REFERRING to herself as a simple girl from Kajang, the soft-spoken yet authoritative Christine Lee was a teacher up to several months ago.
“I used to teach my friends when I was in school, and I think it made me feel that perhaps I was good at it. So I wanted to teach at places where I could reach out to less privileged kids. That was why I chose a government school in the end,” said Christine.
Whenever she was not teaching, Christine would be hard at work on building miniature sets, filming them and then posting videos on her Tiny Little Things channel on YouTube. The videos average between several hundred thousand to a million views.
However, late last year, she decided to quit her day job to focus entirely on her YouTube platform, which she claimed was a tough decision make.
“Once you leave a government school, you won’t be able to go back anymore. However, I don’t think I will truly stop teaching as it’s a part of me. Except it may be done in a different setting and way,” she said when theSun got in touch with her.
How did you get into miniature building? And why choose miniatures instead of something else?
“When I see miniatures in general, I always feel connected to them and my heart would just feel joy, as if I am gobbling down a tasty ice cream. I have no idea why but I think it’s something to do with how tiny they are!
“The first time I saw someone making miniatures though was actually at my student’s house. I was giving home tuition at that time, and when I saw all the miniatures my student’s mum made, it felt like a whole other magical world had opened up for me there and then.”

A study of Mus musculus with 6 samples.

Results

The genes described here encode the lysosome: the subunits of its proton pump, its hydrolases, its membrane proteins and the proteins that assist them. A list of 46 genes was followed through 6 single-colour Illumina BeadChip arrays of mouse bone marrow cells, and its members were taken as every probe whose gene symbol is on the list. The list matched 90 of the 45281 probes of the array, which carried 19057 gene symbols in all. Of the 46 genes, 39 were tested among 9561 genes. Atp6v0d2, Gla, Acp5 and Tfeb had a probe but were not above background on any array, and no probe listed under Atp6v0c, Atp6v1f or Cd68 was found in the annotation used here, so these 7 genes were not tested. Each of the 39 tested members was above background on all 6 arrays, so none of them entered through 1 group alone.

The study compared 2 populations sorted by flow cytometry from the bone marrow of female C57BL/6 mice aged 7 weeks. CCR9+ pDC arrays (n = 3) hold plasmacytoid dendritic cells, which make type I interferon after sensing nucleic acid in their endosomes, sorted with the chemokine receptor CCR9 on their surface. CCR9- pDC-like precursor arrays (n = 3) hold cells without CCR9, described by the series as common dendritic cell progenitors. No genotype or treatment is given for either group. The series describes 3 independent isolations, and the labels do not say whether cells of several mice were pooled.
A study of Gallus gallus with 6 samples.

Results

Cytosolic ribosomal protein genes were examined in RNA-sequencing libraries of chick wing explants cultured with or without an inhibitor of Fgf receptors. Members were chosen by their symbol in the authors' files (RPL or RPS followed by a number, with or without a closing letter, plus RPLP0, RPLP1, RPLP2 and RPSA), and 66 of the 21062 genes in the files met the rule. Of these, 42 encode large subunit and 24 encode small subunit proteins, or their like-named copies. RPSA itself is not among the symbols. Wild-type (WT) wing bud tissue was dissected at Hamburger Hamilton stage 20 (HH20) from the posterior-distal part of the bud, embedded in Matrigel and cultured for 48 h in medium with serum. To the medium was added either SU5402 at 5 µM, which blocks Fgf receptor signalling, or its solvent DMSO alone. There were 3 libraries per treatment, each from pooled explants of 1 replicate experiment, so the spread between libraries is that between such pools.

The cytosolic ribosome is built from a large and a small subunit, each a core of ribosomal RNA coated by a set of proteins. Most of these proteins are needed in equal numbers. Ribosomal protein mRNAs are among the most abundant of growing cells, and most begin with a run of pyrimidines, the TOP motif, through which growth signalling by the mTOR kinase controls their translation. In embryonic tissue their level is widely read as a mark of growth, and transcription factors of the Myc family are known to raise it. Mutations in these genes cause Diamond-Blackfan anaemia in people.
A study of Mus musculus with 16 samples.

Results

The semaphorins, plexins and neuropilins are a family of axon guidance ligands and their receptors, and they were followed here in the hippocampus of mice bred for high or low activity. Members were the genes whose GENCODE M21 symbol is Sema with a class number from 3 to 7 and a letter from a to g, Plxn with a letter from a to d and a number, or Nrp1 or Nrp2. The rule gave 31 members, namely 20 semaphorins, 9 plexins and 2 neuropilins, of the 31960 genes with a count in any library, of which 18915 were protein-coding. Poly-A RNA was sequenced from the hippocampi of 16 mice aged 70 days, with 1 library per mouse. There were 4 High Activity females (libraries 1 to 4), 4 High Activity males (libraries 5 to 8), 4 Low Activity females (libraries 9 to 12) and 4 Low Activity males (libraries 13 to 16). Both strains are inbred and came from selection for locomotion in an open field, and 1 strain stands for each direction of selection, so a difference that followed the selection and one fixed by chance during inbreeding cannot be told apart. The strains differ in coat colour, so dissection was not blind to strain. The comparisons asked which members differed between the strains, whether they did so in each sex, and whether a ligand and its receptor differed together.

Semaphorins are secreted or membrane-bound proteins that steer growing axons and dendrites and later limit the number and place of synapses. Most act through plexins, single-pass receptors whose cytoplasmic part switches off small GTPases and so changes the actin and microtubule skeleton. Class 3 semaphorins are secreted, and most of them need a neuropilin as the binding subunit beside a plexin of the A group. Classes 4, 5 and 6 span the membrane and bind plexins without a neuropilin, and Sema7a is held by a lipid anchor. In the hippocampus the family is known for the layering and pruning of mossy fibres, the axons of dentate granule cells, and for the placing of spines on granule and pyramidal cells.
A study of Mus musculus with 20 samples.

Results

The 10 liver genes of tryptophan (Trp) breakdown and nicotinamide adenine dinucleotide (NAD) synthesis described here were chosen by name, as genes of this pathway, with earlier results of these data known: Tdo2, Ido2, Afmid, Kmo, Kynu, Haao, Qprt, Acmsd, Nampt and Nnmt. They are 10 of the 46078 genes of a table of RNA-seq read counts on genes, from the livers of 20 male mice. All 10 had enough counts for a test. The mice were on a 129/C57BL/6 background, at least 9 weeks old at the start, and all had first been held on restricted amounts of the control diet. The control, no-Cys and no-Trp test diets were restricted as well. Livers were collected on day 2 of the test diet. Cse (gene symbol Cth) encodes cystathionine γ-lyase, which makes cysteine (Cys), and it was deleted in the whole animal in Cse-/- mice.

Back when you were teaching, did the process of making miniatures balance out the chaos of the classroom and working demands?
“I think to a certain extent yes. Making miniatures is like an escape for me from the reality of this world. I can just let my mind drift away.
“In a way it’s pretty therapeutic. It’s also a way for my introvert self to recharge after hours of talking to and handling students.”
How long does assembling one kit usually take?
“It depends on how big or complicated the kits are. I also tend to take my time assembling them because you’ve just got to enjoy the process! But roughly the time ranges from one to three weeks combined.”
Your YouTube channel has videos that have accrued millions of views. Did you anticipate the reception to be that good when you began?
“Definitely not. I was quite surprised but also flattered by the response. My then-boyfriend, who is now my husband, was the one who pushed me to start a YouTube channel actually.
“I felt the idea was good too, mainly because I knew I would love to watch and enjoy all the assembling processes I had been through again, the feelings of touching them, and the feeling of accomplishment at the end.”
Once you’ve shot a video, How do you approach the process of shooting, lighting, making the miniatures and then editing the videos?
“Yes, I edit all my videos. I like to make the viewer experience relaxing and smooth. As for lighting, I rely mostly on sunlight, because I like the warmth it exudes.
“So I would try to shoot during daytime, and at night I would prepare the materials for the miniatures. I also try to edit my videos in between shoots because it makes the editing process more manageable.”
What are your future plans with Tiny Little Things?
“To grow my YouTube channel and to one day sell miniatures and tools. But of course, I’m open to any other opportunities that may arise!”